Chief Saunders releases interview tape to combat claims of victim blaming in Bruce McArthur case

Police Chief Mark Saunders released audio of an interview he did with the Globe and Mail after comments he made in reference to the Bruce McArthur case were viewed as victim blaming.

After facing stiff criticism, Saunders says people should 'hear for yourself' what was said

Toronto police Chief Mark Saunders told the Globe and Mail that information about alleged serial killer Bruce McArthur "did not come out" from the community as police investigated missing persons cases from the city's Gay Village. (CBC)

Toronto's police chief is responding to stiff criticism following comments published in the Globe and Mail in which he suggests alleged serial killer Bruce McArthur may have been caught sooner if people who knew him had been more forthcoming with police.  

Presented under the headline "Toronto police chief says civilians failed to help investigation into alleged serial killer," Chief Mark Saunders's comments were widely seen by LGBT leaders and community members as victim blaming.

"You can't turn around and say the community did not do anything," Haran Vijayanathan, executive director at the Alliance for South Asian AIDS Prevention, told CBC Toronto on Tuesday.   

A few hours later, Saunders moved to quell the storm, releasing a statement — that contained the complete audio from his interview with the Globe — in which he implored people to "hear for yourself" what was said. 

Bruce McArthur, 66, is accused of killing six men and police believe there may be more victims. (Bruce McArthur/Facebook)

In the hour-long interview, Saunders said police "knew something was up" in the city's Gay Village while Project Houston, a two-year investigation into three missing men, was underway — but that "we did not have the evidence." 

"If anyone would know before us, it's people that knew him very very well. So that did not come out," Saunders said at another point, referring to McArthur.

'I hope it's just a distorted headline'

Politicians also weighed in Tuesday, with Toronto Mayor John Tory defending the chief, saying that "no one" is blaming victims for failing to come forward with information about McArthur.

"I just want to make it very clear as mayor that there is no one who is suggesting any blame belongs on victims of horrific crimes; that we are all grieving as a city with the LGBTQ and Church-Wellesley community and there are reviews underway now to determine exactly what happened here and why and how we can do better," Tory told reporters during a transit news conference when he was asked about the chief's remarks.

Coun. Kristyn Wong-Tam says a rumour that a serial killer was at work in the Gay Village had been "percolating for years." (CBC)

Coun. Kristyn Wong-Tam, whose ward includes the Gay Village, expressed her hope during an appearance on CBC Radio's Metro Morning that the Chief's comments were "taken out of context," given the fraught relationship between the LGBT community and the police.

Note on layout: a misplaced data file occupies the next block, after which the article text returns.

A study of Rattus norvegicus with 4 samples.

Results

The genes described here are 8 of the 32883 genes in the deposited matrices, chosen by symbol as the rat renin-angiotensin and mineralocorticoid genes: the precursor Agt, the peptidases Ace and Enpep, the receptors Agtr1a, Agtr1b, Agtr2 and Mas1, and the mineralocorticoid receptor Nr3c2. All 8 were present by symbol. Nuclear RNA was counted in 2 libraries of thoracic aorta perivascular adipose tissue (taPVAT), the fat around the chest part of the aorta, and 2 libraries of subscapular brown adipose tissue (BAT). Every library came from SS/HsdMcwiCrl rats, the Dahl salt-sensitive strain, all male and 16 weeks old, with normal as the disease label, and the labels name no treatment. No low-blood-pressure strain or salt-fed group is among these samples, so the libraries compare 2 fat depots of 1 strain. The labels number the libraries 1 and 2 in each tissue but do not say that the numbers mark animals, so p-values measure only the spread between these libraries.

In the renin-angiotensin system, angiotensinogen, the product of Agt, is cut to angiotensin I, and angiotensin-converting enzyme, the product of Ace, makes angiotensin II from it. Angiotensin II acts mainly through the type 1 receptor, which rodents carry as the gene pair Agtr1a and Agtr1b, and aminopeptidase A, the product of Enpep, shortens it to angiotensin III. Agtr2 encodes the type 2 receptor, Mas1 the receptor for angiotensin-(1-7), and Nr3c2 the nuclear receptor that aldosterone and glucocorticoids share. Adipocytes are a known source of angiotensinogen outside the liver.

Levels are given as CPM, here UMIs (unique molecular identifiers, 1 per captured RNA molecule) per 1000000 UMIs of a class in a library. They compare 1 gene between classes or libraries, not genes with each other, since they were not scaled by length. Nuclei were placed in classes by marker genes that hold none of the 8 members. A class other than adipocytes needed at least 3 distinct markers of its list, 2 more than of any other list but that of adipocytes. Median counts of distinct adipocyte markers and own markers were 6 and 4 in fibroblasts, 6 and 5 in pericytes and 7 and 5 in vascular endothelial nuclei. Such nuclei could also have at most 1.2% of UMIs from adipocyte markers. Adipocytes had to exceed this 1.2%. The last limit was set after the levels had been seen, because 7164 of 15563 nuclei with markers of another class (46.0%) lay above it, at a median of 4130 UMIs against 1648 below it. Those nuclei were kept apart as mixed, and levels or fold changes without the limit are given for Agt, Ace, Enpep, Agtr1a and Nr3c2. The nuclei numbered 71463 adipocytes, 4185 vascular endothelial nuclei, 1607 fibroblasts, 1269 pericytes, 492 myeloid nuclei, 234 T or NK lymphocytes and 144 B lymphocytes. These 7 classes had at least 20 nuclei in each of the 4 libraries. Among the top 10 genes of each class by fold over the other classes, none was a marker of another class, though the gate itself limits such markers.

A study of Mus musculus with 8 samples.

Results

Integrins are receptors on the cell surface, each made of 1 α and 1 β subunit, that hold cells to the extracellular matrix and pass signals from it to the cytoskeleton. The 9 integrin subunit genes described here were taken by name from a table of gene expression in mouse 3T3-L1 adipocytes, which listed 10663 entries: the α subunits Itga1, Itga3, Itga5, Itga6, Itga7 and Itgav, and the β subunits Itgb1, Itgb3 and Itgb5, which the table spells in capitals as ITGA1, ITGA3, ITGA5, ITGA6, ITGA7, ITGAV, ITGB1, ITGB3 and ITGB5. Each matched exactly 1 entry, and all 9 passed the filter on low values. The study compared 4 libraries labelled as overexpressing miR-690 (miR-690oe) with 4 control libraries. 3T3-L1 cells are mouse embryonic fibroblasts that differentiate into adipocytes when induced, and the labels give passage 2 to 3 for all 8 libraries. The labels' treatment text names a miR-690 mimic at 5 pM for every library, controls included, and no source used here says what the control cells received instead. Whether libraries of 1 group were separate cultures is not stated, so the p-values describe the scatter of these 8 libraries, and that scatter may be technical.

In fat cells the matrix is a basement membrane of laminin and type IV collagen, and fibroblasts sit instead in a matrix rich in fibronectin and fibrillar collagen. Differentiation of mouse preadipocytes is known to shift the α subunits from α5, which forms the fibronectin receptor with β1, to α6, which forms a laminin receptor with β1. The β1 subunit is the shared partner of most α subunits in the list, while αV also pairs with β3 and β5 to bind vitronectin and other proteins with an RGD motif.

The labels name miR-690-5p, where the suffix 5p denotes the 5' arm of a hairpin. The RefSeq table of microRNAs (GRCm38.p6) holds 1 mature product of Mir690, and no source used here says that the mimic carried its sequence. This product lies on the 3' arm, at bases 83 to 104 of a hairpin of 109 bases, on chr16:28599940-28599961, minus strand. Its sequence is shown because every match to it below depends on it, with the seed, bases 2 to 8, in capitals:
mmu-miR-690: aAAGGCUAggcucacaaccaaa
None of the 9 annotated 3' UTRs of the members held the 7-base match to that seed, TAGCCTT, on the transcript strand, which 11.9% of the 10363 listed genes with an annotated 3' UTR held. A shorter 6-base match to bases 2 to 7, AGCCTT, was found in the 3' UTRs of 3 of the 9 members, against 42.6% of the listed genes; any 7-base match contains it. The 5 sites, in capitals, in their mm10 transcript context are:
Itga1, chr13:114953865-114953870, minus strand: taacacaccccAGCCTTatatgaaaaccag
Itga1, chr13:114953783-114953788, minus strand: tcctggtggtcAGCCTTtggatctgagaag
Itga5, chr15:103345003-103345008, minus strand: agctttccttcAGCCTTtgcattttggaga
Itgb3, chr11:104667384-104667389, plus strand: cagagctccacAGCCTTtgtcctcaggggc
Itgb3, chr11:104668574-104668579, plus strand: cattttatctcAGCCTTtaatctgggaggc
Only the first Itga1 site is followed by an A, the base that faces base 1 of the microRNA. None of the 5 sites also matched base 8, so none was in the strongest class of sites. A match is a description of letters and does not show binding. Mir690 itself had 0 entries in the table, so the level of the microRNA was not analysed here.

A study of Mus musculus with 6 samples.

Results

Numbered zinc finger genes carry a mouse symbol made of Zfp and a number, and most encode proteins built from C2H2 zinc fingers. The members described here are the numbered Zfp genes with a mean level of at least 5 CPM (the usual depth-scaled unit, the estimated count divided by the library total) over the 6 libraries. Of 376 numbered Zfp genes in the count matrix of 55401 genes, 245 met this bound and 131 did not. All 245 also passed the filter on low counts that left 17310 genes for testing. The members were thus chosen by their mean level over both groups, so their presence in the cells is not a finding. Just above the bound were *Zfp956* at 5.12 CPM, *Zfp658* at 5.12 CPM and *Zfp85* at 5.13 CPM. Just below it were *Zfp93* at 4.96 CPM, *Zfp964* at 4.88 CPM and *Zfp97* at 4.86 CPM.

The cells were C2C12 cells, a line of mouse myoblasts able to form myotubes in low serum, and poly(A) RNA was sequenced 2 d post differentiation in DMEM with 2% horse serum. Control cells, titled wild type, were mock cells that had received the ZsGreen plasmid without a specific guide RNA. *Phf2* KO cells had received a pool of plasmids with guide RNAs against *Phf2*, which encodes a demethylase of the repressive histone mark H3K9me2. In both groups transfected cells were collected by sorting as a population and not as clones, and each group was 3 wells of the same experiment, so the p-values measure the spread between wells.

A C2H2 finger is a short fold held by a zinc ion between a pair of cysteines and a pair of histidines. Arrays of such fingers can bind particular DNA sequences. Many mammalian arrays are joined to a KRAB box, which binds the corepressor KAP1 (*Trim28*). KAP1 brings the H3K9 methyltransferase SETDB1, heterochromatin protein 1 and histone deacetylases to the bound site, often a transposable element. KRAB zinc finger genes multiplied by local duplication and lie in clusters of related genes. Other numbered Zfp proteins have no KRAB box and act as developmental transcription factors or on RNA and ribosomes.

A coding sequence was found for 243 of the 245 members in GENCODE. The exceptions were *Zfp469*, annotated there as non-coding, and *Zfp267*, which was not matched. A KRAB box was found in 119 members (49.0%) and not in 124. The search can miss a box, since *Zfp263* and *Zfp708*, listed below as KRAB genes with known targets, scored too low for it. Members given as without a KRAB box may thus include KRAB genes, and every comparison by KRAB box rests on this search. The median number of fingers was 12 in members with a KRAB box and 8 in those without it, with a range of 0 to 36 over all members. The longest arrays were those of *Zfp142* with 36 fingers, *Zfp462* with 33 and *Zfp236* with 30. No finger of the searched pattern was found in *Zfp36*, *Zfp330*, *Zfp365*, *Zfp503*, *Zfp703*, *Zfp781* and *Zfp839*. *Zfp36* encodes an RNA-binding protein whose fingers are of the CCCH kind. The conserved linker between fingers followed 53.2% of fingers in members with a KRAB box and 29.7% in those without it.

Wong-Tam pointed out that community members had been raising concerns that "something was not quite right" in the Church and Wellesley area for years, and that she herself had brought up those concerns with officers at 51 Division. 

"I find it rather difficult to understand why he may be blaming the community and I hope it's just a distorted headline," she said. 

McArthur investigation 'will be thoroughly examined' 

The Globe interview is just the latest chapter in ongoing fallout around how Toronto police handled the investigation into missing men in the village, with particular attention paid to a December appearance by Saunders in which he said there was "no evidence" that a serial killer was at work.

McArthur was arrested the following month. 

Much focus has also been on what was known by police during Project Houston, a two-year investigation into the disappearances of three men: Skandaraj Navaratnam, 40, Abdulbasir Faizi, 42, and Majeed Kayhan, 58, who disappeared between 2010 and 2012.

McArthur is now charged with first-degree murder of Navaratnam and Kayhan, as well as four other men: Andrew Kinsman, 49, Selim Esen, 44, Dean Lisowick, 47 and Soroush Mahmudi, 50.

The force is conducting an internal review of how police handled Project Houston and the cases of missing men from the village. In the interview, Saunders defended his officers' work.

Community members and dignitaries lit candles during a vigil hosted by the Metropolitan Community Church in Toronto to mourn victims of alleged killer Bruce McArthur. (Christopher Katsarov/Canadian Press)

"I've heard a lot of sources say certain things, and had those sources said those things when we had Project Houston, I think there is a very strong potential that the outcome could have been different," Saunders told the Globe.

He later added: "We knew that people were missing and we knew we didn't have the right answers. But nobody was coming to us with anything."

At other moments in the interview, Saunders said police were looking to learn and improve from the McArthur case.

"Is there something within our policing environment that's causing people not to want to come and talk to us and not give us those tidbits," he asked. 

Saunders also told the Globe he was "willing to hear" ideas about how to improve the relationship between police and the LGBT community.